By adopting five general goals for the Tooele County School District, the board of directors set the tone for the new school year and gave their new superintendent some broad marching orders at their Aug. 6 meeting.
“These goals are designed to be general in nature,” said Scott Rogers, Tooele County School District Superintendent, who requested that the board adopt goals. “With the goals, the board has determined our destination. It is up to the staff now to chart our course.”
The first goal is to increase instructional intensity and student engagement using excellence in teaching, authentic assessment, Utah Core Standards, Professional Learning Communities, Continuous School Improvement, Response To Intervention, and 21st Century Classroom Technology to significantly increase academic growth and achievement for all students.
This goal includes significantly increasing student academic achievement, growth, and learning opportunities in Mathematics and STEM (science, technology, engineering, and math) education and earning an “A” on state grading scores and above state average on the Utah Comprehensive Assessment System at all schools.
The second goal is to transform communication, customer service, and relationship expectations by collaboration with all stakeholders including parents, students, staff, and community.
Goal three is to promote safety, security, and a positive learning environment/school climate, considering the “whole child” at all district facilities and during all district activities.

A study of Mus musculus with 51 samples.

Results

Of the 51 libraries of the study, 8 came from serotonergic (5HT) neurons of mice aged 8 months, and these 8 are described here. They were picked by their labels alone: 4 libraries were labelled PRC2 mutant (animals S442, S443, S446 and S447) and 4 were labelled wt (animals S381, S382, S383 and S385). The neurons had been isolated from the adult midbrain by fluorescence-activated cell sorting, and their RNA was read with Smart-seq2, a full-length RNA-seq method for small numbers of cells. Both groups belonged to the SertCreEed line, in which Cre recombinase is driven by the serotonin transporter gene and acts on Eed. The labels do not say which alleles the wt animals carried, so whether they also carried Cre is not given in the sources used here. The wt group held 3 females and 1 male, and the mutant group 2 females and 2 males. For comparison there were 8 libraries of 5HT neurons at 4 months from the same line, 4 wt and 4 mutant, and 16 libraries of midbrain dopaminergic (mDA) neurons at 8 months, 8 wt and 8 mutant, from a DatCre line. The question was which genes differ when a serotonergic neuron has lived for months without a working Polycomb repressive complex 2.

The fourth goal calls for stability, accountability, and transparency in all fiscal operations and an improvement in general district operations.
The fifth and final goal is to support highly effective teachers and principals through enhanced efforts in recruitment, professional development, evaluation, employee compensation, and retention.
“We will be thinking about these five goals as we make decisions throughout the year,” said Rogers.
The board adopted goals to provide general direction for the district while Rogers plans to meet with teachers, staff, parents, and community members to develop specific plans on how to reach the goals.
“We need input from all groups as we develop a strategic or academic plan that has specific measurable objectives,” he said.
Rogers anticipates that goal setting will become an annual process. He will make a report to the board on progress towards the goals at the end of each year.
“At that time the board will reevaluate the goals and make any changes or tweaks in the goals,” he added.